Stele Forest, also known as Xi'an Beilin Museum or Xi'an Stele Forest Museum, is a museum for housing steles and stone sculptures in all ages. It was originally built in 1087 and rebuilt in 1944. Located in No.15 Sanxuejie Street, Xi'an, it is the biggest museum for steles of the country and extolled as the treasure trove of Chinese calligraphic art. Its name comes from its huge collection of steles, reminiscent of a forest.

One of the more extraordinary exhibits in the museum is the Forest of Steles, the name given to the collection of the heaviest books in the world. The earliest of nearly 3,000 large engraved stone tablets dates as far back as the Han Dynasty and the collection spans a 2000 year period. Most of them were carved in the Tang Dynasty. Ink rubbings of the steles are available for sale. Among the unusual example is a 18th-century stele depicting a Yangtze River flood control project. Another appears to be a bamboo forest, but on examination the leaves and branches form a poem.

Most interesting is the "Popular Stele of Daiqin Nestorianism" (or Nestorian Stele). It's inscribed in both Chinese and Syrian and stands just to the left of the entrance of the hall containing the collection of tablets, it's recognizable by the small cross which is inscribed at the top. The Nestorians were a Syrian Christian sect whose disciples spread eastwards to China via the Silk Road; Macro Polo mentions making contact with members of the sect in Fuzhou in the 13th century. The tablet in the museum was engraved in 781AD to mark the opening of a Nestorian church. It describes how a Syrian named Raban came to the Imperial court of Xian in 635 AD and presented Christian scriptures which were translated and then read by the emperor. The emperor, says the stone, was impressed and ordered that a monastery dedicated city. The Nestorians believed that Jesus was actually two people, one divine and one human, as opposed to the orthodox Christian view chinch regards him as one person who takes the three forms of the farther, son and holy sprit.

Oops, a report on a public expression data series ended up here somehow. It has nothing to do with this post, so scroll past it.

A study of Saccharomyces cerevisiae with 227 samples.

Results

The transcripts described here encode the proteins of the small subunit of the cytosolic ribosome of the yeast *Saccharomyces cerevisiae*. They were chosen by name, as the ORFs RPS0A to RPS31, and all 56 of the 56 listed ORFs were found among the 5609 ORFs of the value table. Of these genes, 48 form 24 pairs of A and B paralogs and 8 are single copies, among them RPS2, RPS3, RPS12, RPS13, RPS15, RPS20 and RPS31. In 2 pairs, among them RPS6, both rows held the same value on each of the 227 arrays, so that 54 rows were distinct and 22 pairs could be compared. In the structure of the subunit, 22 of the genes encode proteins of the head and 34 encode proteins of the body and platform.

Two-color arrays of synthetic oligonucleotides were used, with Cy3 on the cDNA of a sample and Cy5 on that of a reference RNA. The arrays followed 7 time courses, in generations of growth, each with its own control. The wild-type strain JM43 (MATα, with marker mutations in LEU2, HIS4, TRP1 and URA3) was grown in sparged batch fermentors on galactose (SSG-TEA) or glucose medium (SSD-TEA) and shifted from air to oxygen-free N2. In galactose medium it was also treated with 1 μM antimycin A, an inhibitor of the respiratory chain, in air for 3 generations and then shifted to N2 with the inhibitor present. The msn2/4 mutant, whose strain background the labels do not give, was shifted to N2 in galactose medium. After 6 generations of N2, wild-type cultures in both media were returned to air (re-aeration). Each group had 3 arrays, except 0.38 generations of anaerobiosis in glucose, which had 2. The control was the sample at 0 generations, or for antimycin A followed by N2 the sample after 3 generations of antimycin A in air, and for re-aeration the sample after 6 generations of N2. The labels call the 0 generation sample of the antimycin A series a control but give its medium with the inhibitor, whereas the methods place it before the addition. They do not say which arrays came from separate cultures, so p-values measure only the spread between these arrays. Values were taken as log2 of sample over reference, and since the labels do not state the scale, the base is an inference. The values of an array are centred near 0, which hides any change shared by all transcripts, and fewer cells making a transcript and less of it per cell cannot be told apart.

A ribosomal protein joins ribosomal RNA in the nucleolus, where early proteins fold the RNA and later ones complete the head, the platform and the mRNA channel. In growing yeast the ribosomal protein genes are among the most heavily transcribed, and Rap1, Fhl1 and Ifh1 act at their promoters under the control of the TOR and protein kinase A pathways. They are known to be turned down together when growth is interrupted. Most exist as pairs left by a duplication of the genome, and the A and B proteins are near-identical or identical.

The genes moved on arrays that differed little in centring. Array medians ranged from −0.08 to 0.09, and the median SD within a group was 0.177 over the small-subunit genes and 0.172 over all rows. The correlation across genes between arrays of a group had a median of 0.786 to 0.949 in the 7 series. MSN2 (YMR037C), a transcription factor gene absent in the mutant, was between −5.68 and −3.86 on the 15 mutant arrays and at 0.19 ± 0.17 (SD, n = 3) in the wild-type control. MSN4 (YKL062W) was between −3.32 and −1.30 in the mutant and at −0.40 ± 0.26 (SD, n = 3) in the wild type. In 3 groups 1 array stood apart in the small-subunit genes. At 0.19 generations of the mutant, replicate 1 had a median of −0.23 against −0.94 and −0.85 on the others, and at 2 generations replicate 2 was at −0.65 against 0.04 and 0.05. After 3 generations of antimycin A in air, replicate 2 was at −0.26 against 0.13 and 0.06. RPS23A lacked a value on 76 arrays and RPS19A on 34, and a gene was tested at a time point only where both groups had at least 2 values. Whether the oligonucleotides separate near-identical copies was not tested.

Other tablets in the museum include the "Ming De Shou Ji Stele" which records the peasant uprising led by Li Zhicheng against the Ming and the "Stone Classics of Kaichen" which are 114 tablets made during the Tang Dynasty inscribed with 13 ancient classics and historical records. Some others are also famous such as the Cao Quan stele (Han Dynasty), Sima Fang Stele (Jin Dynasty), Duobaota Stele, Qianziwen Stele and the Kaicheng Shi Jin Stele etc.

Apart from the ancient steles, the Temple of Confucius in the Museum is also a highlight because it still keeps many buildings of the Ming and Qing dynasties, where you can see a number of Chinese architectures such as the screen wall, archway, Banchi pool, Lingxing gate, Ji gate, ornamental columns (cloud pillars), pavilions and temple halls and so on. The temple has two national treasures: one is the Jinyun Bell, made in the Tang Dynasty; the other is Daxia Stone Horse, carved by the Daxia State during 304-439 AD.

The Beiling Museum is rich in "rare relics" (over 11,000 items). There's an interesting collection of artifacts including a tasteful gold-plated bronze horse of the Western Han Dynasty. Another interesting exhibit is a tiger-shaped tally from the Warring States Period, inscribed with ancient Chinese characters and probably used to convey messages or orders from one military commander to another.

To know something about the Chinese calligraphy and the greatest Chinese calligraphers, the Xi'an Stele Forest is the optimum attraction in China.